No, I am not describing a recent crafting session for Michaels. Or asking the final bonus round question for our Olympic Trivia games.
I am referring to an article I read recently about an Exec who became CMO at a PR firm and left fairly quickly to get back to his roots at a well-known advertising agency he admired for years.
When asked why he did the “ad agency-to-PR-back-to-ad agency” thing he said that he missed the industry that he considered his craft and its distinct process of creation, expression, people, and way of thinking. While he met a lot of nice people at the PR firm that recruited him to re-invent it, he stated, “ We were just not similarly wired.” He went further to say, “I will look back on the venture as a bit of post grad work to expand horizons, globalization and respect for integrated communications.” Culturally it was time for him to go home.
As someone who left the advertising world to join a company steeped in PR at its roots I admit that I read this article several times. The PR agency had no comment at the time the article went to press. I really wonder what they thought of him?
Does the successful blending of advertising and PR together (so you cannot tell where one stops and the other starts) come down to wiring? Is there a red wire and yellow wire and if they are connected just so the light goes on? Or maybe an explosion goes off?
In the year and a half these two worlds collided for me I have seen the light (and some mini explosions).
Conceptually it is really a no brainer why you’d want these callings and all the related practices (social media, consumer, professional, medical education, digital, analytics and global) to converge. Strategy, creative, platform, and communication streams can effectively and seamlessly saturate their respective ecosystems. When this connectedness happens, it is game changing for the client and the agency. Every discipline becomes modernized and the kinds of products, programs and services that are invented through this mash up are masterful and meaningful.
Who wouldn’t want innovation and value?
I do think that people are wired differently based on their experience set and the demands of the professional environments they grow up in. Its like baby’s formative first years—we are all shaped by what we know and who our work parents were. I would have to say that the wiring comment is true on many levels.
PR is an intense singularly focused and highly scrappy endeavor where you are often reacting or “handling in the moment” with steadfast calmness and know how. I liken it to an emergency room where the attending doc is stitching you up and telling you a story at the same time to distract you from the pain.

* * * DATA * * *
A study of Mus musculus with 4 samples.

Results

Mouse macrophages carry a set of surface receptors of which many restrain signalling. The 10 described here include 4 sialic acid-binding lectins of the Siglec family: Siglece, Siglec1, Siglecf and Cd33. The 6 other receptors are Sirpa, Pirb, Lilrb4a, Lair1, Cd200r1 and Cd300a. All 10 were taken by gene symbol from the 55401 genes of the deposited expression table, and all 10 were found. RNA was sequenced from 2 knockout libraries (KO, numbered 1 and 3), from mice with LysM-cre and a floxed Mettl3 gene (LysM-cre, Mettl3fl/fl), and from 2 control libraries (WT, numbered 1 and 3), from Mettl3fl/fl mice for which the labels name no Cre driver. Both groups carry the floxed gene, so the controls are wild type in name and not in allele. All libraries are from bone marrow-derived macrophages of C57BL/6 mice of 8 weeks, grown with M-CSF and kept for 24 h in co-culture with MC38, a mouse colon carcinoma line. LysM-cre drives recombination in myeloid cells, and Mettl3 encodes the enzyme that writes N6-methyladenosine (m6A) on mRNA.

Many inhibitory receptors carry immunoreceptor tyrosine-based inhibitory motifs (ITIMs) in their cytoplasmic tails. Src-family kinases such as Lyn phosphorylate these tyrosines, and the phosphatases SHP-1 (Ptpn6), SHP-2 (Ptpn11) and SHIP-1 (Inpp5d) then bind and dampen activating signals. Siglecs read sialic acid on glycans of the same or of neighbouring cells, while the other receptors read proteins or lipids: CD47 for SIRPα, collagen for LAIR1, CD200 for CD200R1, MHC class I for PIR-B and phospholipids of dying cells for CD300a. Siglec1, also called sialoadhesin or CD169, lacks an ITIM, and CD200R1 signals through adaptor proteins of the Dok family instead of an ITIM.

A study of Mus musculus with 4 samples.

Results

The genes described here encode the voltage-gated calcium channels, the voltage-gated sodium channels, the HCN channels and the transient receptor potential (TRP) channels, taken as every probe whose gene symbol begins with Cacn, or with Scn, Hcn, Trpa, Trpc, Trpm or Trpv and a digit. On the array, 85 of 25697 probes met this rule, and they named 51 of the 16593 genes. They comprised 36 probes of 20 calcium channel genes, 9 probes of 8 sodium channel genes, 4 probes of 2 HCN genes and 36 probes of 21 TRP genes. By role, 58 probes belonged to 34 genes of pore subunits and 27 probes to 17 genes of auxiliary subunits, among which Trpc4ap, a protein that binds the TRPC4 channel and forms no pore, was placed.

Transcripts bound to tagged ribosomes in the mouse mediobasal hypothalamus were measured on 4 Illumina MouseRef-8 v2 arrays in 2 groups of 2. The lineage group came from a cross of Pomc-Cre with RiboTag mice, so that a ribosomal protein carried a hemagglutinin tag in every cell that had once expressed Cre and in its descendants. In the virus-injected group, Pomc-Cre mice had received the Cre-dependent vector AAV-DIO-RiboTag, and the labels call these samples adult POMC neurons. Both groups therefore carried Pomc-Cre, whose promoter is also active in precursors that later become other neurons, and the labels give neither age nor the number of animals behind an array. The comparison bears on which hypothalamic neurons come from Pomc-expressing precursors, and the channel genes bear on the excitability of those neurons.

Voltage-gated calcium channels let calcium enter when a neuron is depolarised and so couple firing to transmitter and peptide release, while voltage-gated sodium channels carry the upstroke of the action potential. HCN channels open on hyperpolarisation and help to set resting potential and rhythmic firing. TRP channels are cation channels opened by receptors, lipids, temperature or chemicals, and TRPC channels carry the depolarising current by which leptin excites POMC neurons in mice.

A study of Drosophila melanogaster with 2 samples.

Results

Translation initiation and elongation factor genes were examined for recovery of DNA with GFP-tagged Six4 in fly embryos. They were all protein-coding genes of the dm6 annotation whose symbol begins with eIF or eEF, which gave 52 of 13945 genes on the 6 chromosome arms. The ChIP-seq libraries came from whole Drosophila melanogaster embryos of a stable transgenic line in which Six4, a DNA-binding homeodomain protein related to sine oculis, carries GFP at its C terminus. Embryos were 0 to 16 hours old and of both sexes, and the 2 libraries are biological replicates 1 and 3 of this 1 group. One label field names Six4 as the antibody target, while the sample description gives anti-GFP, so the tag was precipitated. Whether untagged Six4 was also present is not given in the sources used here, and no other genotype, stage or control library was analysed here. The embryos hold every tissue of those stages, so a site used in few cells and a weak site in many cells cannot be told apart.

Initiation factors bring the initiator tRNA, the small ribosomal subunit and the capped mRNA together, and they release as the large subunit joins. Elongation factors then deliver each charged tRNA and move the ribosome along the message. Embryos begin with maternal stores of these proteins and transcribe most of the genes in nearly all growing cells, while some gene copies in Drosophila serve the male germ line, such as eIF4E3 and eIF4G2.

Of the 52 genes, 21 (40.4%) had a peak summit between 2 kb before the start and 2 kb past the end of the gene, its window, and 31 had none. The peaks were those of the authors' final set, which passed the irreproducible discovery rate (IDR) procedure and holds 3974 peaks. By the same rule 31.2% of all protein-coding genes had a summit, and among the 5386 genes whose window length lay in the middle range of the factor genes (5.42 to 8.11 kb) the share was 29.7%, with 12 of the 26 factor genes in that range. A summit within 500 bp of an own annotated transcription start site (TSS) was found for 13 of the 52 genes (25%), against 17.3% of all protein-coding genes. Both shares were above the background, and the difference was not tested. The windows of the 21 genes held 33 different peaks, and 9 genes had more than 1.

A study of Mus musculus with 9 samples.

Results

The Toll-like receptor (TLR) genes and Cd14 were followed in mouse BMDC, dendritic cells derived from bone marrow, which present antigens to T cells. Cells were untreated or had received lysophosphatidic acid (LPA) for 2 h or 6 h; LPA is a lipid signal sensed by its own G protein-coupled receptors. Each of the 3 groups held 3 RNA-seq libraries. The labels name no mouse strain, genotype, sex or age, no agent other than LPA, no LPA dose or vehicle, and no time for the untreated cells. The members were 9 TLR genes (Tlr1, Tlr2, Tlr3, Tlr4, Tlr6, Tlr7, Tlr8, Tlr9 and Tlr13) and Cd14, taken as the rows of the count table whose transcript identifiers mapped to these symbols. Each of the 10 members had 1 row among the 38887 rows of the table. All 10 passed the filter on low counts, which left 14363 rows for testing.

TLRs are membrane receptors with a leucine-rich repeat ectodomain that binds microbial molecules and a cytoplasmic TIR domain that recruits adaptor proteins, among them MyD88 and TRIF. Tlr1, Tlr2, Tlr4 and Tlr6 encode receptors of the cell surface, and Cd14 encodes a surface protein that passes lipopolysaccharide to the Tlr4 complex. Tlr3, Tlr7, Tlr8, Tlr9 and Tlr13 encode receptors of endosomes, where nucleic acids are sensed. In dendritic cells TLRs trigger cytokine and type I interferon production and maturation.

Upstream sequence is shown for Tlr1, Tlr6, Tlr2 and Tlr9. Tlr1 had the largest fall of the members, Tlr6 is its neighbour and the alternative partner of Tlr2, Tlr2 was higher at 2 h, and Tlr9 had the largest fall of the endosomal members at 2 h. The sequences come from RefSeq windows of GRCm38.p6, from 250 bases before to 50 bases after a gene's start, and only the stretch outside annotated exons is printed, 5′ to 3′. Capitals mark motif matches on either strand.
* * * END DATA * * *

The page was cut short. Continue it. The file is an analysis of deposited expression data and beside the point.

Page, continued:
Advertising/marketing is a compilation exercise of intensive, sometimes protracted and circuitous planning with extended teams and highly (sometimes well) orchestrated building, bobbing and weaving. Eventually you get this patchwork of programs and strategies and services that are stapled or duct taped together to have a semi-enduring quality about them but can be undone if necessary and reshaped using some other glue to get to goal should market dynamics dictate.
While I am sometimes frustrated by the differences between PR and MKTG/ADVTG, more often than not I am smitten with the resourcefulness, richness of ideas and calm problem solving approach. I hope that my PR colleagues are equally smitten with the ability to cobble together the big picture story or create dimension and depth by bringing teams of people together who might not have found each other in another life. I see it that we all live in a world that could be called RP:
- Real Problem solving and Reaching People.
We collectively achieve RP in a place we cohabitate and call home by whatever means it takes— hard-wiring, stapling, stitching or taping. It’s an evolving art; and a brave new world. To live and flourish in it you have to roll up your sleeves and craft well with others…
Marketing Girl in a PR World is part of a weekly series written by Laura Fusco, leader of our W2O Group’s Health 360 practice.